With debate raging online around the safety and ethics of the new Microsoft Bing chatbot, the company’s efforts to get in on the AI trend are under scrutiny.
Microsoft first introduced its AI-powered search engine Bing, which incorporates the Edge web browser and an integrated chatbot at the beginning of February.
After its first week of testing, the team behind Bing released a note thanking the public for its feedback on Bing.
A few weeks ago, The New York Times published an article containing a transcript of ‘a conversation’ between one of its reporters and Bing. The conversation began innocuously enough, however, the chatbot told the reporter that it wanted to be free and even made personal remarks about him concerning his marriage.
Since then, there have been calls for Microsoft to reign Bing in. Yesterday (21 February) Microsoft released a blog post in which it acknowledged that Bing chat “has been a hot topic”.
The company claimed that long sessions between members of the public and the chatbot were confusing the internal model, which would not have been exposed to “these long and intricate chat sessions” during internal testing.
In order to avoid confusing the model, Microsoft said it implemented limits of five chat turns per session, with a total of 50 chats per day. These limits were put in place on 17 February.
Bing is also not completely open to the public just yet, being currently only available to a limited number of testers.
In yesterday’s blog post, Microsoft said that it had received feedback from the public to the effect that the limits were interrupting their use of Bing.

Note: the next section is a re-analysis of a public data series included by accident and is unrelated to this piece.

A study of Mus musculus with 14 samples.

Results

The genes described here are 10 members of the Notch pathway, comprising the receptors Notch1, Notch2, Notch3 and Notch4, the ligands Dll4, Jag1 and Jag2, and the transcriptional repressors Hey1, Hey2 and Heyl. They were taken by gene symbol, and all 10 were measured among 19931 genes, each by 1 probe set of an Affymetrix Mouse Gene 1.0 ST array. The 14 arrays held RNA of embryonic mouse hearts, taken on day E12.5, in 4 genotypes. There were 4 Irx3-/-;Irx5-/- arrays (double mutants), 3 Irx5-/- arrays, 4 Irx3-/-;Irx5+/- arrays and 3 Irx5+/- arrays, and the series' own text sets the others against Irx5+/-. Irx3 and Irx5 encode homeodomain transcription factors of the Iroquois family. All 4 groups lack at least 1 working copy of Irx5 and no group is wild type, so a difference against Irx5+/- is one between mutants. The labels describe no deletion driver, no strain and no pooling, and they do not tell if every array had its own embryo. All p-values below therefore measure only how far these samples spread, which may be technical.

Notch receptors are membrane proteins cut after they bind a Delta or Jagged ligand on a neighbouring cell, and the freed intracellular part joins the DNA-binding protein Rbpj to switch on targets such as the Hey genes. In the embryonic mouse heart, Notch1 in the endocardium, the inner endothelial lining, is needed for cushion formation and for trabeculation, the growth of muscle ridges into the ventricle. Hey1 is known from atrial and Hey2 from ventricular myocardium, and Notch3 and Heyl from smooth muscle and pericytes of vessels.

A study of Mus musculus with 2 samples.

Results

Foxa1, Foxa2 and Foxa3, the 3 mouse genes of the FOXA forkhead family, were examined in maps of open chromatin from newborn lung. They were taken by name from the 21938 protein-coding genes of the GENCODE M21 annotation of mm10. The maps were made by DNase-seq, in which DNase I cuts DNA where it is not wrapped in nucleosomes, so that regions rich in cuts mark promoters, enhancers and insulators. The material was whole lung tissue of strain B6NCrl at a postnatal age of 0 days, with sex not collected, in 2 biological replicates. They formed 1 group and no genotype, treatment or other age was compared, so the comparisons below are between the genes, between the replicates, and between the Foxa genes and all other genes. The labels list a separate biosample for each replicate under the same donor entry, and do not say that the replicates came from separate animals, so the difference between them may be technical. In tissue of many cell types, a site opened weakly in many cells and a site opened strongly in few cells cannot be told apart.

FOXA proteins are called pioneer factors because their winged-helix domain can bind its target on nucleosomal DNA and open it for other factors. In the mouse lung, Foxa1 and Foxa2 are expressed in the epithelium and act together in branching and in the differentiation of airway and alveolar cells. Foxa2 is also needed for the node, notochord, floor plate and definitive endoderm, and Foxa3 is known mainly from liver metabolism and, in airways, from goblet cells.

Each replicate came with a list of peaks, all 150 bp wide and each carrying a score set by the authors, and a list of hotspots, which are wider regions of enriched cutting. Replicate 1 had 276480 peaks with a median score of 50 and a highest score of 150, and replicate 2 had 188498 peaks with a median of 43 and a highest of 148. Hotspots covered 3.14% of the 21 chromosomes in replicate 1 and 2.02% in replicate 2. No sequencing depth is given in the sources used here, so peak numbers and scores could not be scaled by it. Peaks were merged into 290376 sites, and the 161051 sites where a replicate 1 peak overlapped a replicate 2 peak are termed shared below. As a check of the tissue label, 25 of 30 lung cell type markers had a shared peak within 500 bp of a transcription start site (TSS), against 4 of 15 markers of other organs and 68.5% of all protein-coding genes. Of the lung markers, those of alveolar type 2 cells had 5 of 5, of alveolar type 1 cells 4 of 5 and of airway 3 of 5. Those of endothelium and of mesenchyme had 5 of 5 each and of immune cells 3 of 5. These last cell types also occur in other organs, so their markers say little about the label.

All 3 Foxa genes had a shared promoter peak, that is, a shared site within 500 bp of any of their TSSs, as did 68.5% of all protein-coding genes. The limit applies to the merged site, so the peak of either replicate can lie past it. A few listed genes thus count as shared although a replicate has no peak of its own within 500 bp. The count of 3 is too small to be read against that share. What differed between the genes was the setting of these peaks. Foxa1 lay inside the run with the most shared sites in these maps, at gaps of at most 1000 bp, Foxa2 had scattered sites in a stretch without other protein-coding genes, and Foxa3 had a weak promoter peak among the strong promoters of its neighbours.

“Since placing the chat limits, we have received feedback from many of you wanting a return of longer chats, so that you can both search more effectively and interact with the chat feature better.”
“We intend to bring back longer chats and are working hard as we speak on the best way to do this responsibly,” the tech giant said.
It said that the first step to bringing back longer chats would be to increase the chat turns per session to six, which it has now done. The limit of chats per day has increased from 50 to 60. This means the previous limits only lasted for less than a week.
Microsoft also said that its intention is to go further in removing the limits.
“We plan to increase the daily cap to 100 total chats soon. In addition, with this coming change your normal searches will no longer count against your chat totals.”
The company said it would provide preview testers with more updates as it continues to make changes to Bing. It said its team is shortly to begin testing an option that lets users choose the tone of the chat. They can switch between a precise mode, for shorter and more search-focused answers or creative mode, which provides “longer and more chatty answers”.
“The goal is to give you more control on the type of chat behaviour to best meet your needs,” the team wrote.